Acting U.S. Attorney W. Stephen Muldrow, Acting Assistant Attorney General Kenneth A. Blanco of the Justice Department’s Criminal Division, Special Agent in Charge Charles P. Spencer of the FBI’s Jacksonville, Florida, Division and Chief Richard Weber of the of Internal Revenue Service-Criminal Investigation (IRS-CI) made the announcement.
“Former Congresswoman Brown chose greed and personal gain over the sacred trust given to her by the community that she served for many years,” said Acting U.S. Attorney Muldrow. “These guilty verdicts underscore our Office's resolve in holding public officials at all levels of government accountable for their actions. In this case, former Congresswoman Brown stole money that was donated on the false promise of helping further the educational goals of underprivileged children.”
“Former Congresswoman Brown took an oath year after year to serve others, but instead she exploited the needs of children and deceived her constituents to advance her own personal and political agendas,” said Special Agent in Charge Spencer. “Corrupt public officials undermine the integrity of our government and violate the public’s trust, and that is why investigating public corruption remains the FBI’s top criminal priority. I am proud of our special agents, analysts and support personnel who spent countless hours following the money trail in this case, and thank our law enforcement partners at the IRS-CI and U.S. Attorney’s Office for their efforts to hold Brown and her associates accountable for their inexcusable actions.”
“Former Congresswoman Corrine Brown failed to deliver and uphold her duty to file true and correct tax returns by lying about her income and charitable contributions to feed her greed. No one is above the law, including those in a position of public trust, and there isn’t a separate standard when it comes to paying taxes, said Chief Weber. “IRS CI, along with our law enforcement partners, will hold accountable those who violate the tax laws and cheat the taxpayers.”
Brown, 70, of Jacksonville, was convicted on 18 counts of an indictment charging her with participating in a conspiracy involving a fraudulent education charity, concealing material facts on required financial disclosure forms, obstructing the due administration of the internal revenue laws and filing false tax returns. The jury also found Brown guilty of violating the Ethics in Government Act by concealing certain income on the required annual financial disclosure forms she submitted to the U.S. House of Representatives.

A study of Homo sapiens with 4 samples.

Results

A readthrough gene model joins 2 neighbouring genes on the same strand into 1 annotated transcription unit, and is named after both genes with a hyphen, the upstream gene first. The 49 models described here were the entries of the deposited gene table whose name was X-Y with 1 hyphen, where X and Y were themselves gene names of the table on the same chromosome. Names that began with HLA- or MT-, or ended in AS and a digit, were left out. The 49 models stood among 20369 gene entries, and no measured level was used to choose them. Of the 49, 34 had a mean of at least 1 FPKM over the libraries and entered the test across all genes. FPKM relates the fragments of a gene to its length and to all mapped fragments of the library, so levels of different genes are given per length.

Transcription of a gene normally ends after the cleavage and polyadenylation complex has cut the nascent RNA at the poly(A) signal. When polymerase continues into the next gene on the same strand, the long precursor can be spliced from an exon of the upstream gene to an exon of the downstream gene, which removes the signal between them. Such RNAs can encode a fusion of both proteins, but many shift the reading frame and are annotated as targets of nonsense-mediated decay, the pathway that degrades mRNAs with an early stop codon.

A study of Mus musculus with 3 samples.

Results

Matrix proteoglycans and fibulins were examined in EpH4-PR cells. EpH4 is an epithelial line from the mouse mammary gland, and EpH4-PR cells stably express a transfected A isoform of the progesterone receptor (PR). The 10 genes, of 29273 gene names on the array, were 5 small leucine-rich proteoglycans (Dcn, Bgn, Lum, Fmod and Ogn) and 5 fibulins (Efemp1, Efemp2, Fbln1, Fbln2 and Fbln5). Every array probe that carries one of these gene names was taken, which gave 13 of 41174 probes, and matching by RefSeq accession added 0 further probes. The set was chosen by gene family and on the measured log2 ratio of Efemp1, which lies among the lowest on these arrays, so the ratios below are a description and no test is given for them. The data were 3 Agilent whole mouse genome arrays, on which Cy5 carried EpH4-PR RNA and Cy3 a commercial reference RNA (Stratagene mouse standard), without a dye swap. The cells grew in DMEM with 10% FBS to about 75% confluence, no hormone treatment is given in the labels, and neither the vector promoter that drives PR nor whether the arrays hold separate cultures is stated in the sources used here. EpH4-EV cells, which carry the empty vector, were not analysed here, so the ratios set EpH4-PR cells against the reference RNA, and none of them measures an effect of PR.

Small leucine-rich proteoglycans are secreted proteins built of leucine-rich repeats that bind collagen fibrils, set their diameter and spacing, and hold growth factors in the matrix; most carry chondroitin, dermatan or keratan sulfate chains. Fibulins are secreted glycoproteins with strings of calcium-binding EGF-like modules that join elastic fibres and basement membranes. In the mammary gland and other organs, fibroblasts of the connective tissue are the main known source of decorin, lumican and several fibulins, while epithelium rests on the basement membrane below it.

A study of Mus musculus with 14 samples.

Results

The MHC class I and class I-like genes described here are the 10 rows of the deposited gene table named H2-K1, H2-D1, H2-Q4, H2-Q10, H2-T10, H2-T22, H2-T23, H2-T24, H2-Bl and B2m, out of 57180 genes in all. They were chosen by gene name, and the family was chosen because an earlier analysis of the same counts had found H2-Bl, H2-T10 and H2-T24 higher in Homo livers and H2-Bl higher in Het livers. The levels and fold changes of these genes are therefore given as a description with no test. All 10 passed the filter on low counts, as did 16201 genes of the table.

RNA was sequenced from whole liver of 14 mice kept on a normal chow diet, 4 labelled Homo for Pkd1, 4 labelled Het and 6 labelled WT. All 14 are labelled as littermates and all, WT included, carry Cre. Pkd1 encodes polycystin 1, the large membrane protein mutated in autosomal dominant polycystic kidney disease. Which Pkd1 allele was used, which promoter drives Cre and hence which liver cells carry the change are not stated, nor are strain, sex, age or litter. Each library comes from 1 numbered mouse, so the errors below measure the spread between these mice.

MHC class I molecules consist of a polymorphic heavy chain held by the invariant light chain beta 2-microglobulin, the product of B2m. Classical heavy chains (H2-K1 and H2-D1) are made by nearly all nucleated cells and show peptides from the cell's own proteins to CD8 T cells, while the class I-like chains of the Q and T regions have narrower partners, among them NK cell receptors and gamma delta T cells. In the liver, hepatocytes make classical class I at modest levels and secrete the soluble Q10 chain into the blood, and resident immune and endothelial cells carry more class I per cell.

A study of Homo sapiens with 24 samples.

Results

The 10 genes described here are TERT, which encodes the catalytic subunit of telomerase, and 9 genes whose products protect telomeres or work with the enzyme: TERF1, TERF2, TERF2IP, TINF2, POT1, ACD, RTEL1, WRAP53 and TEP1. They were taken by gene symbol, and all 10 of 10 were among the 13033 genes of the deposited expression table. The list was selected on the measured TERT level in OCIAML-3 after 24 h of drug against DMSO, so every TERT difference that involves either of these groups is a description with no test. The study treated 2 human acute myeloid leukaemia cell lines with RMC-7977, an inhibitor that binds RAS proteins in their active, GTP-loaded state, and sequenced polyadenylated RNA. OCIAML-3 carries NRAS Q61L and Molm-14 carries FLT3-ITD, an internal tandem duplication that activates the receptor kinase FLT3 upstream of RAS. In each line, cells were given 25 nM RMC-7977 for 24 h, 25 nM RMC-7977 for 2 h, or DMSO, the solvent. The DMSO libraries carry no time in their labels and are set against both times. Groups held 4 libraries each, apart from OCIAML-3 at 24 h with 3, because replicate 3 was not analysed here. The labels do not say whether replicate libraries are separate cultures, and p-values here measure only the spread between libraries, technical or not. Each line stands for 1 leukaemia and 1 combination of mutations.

Judge Timothy J. Corrigan of the Middle District of Florida noted that he would schedule Brown’s sentencing for a later date.
Brown’s co-conspirators, Elias “Ronnie” Simmons, Brown’s long-time Chief of Staff, and Carla Wiley, the president of the fraudulent charity, previously pleaded guilty to their roles in the education charity scheme on Feb. 8, 2017, and March 3, 2016, respectively.
Evidence at trial showed that between late 2012 and early 2016, Brown participated in a conspiracy and fraud scheme involving One Door for Education – Amy Anderson Scholarship Fund (One Door) in which Brown, Simmons, Wiley and others acting on their behalf solicited more than $800,000 in charitable donations based on false representations that the donations would be used for college scholarships and school computer drives, among other charitable causes. Testimony by One Door donors showed that Brown and her coconspirators solicited donations from individuals and corporate entities that Brown knew by virtue of her position in the U.S. House of Representatives. Many of the donors were led to believe that One Door was a properly registered 501(c)(3) non-profit organization, when, in fact, it was not.
Contrary to Brown’s representations, Brown, Simmons, Wiley and others used the vast majority of One Door donations for their personal and professional benefit, including tens of thousands of dollars in cash deposits that Simmons made to Brown’s personal bank accounts, according to trial evidence. In one instance, Simmons deposited $2,100 of One Door funds into Brown’s personal bank account the same day that Brown paid $2,057 to the IRS for taxes she owed. Likewise, trial evidence showed Brown and Simmons used the outside consulting company of one of Brown’s employees to funnel One Door funds to Brown and others for their personal use.
Trial evidence also showed that more than $300,000 in One Door funds were used to pay for events hosted by Brown or held in her honor, including a golf tournament in Ponte Vedra Beach, Florida; lavish receptions during an annual conference in Washington, D.C.; the use of a luxury box during a concert in Washington, D.C.; and the use of a luxury box during an NFL game in the Washington, D.C., area. According to trial evidence, despite raising over $800,000 in donations, One Door granted only two scholarships totaling $1,200 that were awarded to students to cover expenses related to attending a college or university.
Additionally, trial evidence demonstrated that Brown failed to disclose, among other things, the reportable income she received from One Door and claimed deductions on her tax returns based on false statements that she made certain donations to One Door, as well as to local churches and non-profit organizations in the Jacksonville area.
The FBI and IRS-CI investigated the case. Assistant U.S. Attorneys A. Tysen Duva and Michael J. Coolican of the Middle District of Florida and Deputy Chief Eric G. Olshan of the Criminal Division’s Public Integrity Section prosecuted the case.